Neither of us are big fans of tours. We like being able to go where we want, when we want. A bit of research beforehand, a plan for the day, and we’re good to go.
However, we went on a walking tour in Berlin which may well have changed my mind. It was recommended by someone in our hostel and it seemed like it had a very good reputation online. It was also ‘free’, although you were expected to tip generously unless you really hated it.
So we made it to the meeting point at Brandenburg Gate the next morning. What a great day we had chosen – the temperature was -7 and probably lower if you take into account the wind chill. Neither of us had worn thermal leggings, though mercifully we did have 2 jackets on! Even so, I have never felt the cold like that day, even though it is far warmer than Russia is likely to be in a few weeks!
The tour started and we met our guide, an English guy called Sam who was really engaging and friendly. From the moment he started you could tell it was going to be informative AND fun. We quickly headed into somewhere warm while he explained Berlin’s early history, before moving onto the early 20th century, and to be honest where most peoples knowledges and interest in Berlin and Germany in general begins.
From there we visited the memorial to the murdered Jews of Europe, which is quite an unusual memorial – several thousand concrete blocks of various heights. The exact number has no relevance to the number that died, nor does the height. The guide’s explanation was that it was all open to interpretation, and it can mean whatever you want it to mean. It’s certainly a visually impressive memorial. There is an apparently excellent museum below it, however we didn’t get a chance to check it out on our short stint in the city.
We next visited a car park. It’s an historically important car park as it is the location of Hitler’s bunker, which was built and fortified towards the end of the war, and is where he spent the last days of his life before committing suicide. The reason it is a car park is because so much concrete was used in building the bunker, no foundations for any building could be put down! Also there was understandably a desire not to make the site a place of idolatry for any Nazi sympathisers, hence the only hint of its past is a small sign.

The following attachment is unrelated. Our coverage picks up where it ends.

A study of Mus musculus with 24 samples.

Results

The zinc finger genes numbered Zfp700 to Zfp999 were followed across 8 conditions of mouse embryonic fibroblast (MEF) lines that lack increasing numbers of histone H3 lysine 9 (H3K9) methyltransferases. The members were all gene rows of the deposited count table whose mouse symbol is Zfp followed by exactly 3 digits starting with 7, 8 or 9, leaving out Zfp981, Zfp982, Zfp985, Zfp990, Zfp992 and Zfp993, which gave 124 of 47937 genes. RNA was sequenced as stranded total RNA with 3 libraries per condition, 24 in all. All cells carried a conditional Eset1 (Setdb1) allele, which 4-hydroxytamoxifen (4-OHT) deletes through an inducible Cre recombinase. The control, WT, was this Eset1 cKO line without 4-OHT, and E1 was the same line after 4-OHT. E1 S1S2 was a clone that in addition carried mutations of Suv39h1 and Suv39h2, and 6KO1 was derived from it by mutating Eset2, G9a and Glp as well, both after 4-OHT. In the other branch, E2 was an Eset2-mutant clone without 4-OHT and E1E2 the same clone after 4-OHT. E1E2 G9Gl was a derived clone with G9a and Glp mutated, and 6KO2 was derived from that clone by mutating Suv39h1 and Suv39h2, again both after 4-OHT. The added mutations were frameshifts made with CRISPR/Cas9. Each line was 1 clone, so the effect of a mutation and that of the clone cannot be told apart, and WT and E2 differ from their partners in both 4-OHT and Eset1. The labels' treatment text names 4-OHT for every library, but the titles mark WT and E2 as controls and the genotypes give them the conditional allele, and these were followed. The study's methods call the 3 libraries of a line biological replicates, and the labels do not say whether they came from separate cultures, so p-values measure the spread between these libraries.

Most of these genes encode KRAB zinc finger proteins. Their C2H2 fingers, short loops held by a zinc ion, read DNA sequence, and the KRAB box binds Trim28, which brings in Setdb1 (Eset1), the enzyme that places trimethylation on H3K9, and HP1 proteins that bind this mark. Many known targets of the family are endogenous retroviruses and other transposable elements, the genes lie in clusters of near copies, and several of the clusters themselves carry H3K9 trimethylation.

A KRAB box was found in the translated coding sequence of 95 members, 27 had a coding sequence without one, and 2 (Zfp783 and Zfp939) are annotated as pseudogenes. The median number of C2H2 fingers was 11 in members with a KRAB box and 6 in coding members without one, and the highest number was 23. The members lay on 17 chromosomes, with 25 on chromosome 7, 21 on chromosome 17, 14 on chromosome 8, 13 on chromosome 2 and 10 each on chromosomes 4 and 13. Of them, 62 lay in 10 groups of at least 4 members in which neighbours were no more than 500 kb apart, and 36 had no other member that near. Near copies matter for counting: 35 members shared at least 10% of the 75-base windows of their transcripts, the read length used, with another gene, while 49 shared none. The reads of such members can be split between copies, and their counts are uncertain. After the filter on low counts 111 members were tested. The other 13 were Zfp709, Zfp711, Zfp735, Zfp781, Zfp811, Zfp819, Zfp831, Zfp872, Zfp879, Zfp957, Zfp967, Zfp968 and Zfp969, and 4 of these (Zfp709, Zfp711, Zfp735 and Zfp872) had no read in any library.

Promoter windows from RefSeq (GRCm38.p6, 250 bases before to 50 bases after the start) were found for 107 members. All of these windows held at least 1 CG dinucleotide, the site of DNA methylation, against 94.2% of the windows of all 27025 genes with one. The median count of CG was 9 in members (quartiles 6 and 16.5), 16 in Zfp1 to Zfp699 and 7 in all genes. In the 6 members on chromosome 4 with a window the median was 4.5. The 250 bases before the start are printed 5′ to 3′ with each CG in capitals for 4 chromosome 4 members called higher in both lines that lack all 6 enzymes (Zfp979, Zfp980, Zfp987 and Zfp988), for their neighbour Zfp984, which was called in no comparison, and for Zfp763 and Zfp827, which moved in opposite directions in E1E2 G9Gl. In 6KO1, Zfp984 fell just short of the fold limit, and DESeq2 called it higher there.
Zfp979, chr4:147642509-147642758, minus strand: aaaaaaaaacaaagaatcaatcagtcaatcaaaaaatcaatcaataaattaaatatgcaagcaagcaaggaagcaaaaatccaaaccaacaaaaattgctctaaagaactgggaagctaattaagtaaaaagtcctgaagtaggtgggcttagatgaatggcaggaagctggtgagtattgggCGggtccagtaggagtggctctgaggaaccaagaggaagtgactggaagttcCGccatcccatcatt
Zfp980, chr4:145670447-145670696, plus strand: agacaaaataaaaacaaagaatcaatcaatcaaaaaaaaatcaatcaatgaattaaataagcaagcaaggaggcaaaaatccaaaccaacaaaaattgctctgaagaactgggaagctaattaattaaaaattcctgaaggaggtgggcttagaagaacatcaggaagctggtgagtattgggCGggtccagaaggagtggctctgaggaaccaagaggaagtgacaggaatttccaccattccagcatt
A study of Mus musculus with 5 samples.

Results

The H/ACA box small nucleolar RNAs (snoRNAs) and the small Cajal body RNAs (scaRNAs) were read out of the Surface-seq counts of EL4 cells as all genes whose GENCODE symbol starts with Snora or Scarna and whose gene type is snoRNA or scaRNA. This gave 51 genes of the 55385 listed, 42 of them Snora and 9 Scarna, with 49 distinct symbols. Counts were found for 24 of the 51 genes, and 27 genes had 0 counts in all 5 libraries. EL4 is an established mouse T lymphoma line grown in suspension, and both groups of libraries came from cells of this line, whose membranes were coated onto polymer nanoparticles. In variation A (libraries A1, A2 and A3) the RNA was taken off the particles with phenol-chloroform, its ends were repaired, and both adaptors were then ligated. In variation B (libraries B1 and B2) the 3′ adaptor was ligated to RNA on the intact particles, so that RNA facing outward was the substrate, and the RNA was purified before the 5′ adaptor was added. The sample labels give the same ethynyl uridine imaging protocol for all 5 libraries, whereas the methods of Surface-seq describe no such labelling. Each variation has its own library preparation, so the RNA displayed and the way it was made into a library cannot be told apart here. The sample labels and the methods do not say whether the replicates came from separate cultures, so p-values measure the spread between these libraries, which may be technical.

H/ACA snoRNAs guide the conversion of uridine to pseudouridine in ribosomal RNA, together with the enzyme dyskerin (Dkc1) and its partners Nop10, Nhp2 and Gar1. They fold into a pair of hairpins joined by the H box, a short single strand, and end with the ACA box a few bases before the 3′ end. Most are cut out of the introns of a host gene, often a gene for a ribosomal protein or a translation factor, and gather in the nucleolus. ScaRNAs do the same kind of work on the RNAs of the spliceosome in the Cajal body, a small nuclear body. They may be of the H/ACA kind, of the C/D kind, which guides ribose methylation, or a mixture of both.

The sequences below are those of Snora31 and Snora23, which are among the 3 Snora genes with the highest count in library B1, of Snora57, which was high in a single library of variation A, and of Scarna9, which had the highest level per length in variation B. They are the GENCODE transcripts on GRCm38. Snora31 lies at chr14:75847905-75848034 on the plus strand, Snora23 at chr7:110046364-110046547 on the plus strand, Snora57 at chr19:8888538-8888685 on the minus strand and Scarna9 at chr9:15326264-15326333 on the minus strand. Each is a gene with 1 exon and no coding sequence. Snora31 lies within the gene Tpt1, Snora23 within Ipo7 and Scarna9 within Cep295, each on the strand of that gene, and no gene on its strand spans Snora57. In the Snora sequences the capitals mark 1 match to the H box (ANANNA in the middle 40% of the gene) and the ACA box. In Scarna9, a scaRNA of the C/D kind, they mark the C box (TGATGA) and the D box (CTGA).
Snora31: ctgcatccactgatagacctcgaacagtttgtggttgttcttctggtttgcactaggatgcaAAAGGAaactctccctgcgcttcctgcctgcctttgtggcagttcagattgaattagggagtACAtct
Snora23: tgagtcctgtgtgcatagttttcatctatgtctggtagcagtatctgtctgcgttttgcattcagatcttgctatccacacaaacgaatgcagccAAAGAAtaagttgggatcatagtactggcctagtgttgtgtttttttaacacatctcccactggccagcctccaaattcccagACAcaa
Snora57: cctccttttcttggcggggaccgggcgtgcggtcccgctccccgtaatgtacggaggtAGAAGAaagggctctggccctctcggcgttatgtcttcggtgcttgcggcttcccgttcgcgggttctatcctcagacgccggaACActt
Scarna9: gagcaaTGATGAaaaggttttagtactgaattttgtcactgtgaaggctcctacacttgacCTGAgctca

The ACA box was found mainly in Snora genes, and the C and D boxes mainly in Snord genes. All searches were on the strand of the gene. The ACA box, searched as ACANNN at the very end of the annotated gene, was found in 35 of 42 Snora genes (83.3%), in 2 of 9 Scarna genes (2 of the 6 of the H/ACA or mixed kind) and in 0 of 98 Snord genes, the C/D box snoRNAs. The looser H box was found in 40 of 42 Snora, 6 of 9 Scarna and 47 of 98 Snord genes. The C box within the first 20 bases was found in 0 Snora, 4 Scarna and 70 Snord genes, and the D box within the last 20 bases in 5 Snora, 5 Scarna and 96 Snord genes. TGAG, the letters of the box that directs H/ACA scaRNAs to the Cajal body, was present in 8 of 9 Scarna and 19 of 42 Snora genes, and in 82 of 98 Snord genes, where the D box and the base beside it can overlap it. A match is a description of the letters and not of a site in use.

From here we went to see the old Nazi Ministry of Aviation building, then on to a surviving section of the Berlin wall, behind which is situated the Topography Of Terror museum.
Next we crossed Checkpoint Charlie, which is on every itinerary for Berlin. It’s the former checkpoint between East and West Berlin and is a bit of a cheesy tourist attraction now, with a rebuilt 60’s style guard house and actors dressed as soldiers. It’s also a lot less prominent than I had imagined, I actually barely saw it during the tour and had to go back and look the next day!
After a well needed coffee break in the warm, we visited the Gendarmenmarkt, with the unusual feature of 2 identical cathedrals, one French and one German. It also has the magnificent Konzerthaus. What I didn’t realise until our guide told us, was that they had been almost totally rebuilt after WW2 – they looked like the originals!
We finished off the tour by visiting the book burning memorial – a large underground room of empty shelves to commemorate the day when the Nazi’s ordered the burning of thousands of books deemed ‘un-German’, and then the Neue Wache, the war memorial with patched up bullet holes all over the outside. The inside featured the sculpture ‘Mother with her Dead Son’ which is open to the elements via a small hole – the circle of snow covering it made it feel even more .
And with that, tips were paid, hands were shaken, and we all walked off to find some warmth. What we were left with was a great experience and far more background knowledge than if we had attempted the same tour ourselves. All I can say is I thoroughly recommend the Sandeman Berlin Walking Tour and will be looking for similar tours in future, especially in cities with as many sights as Berlin.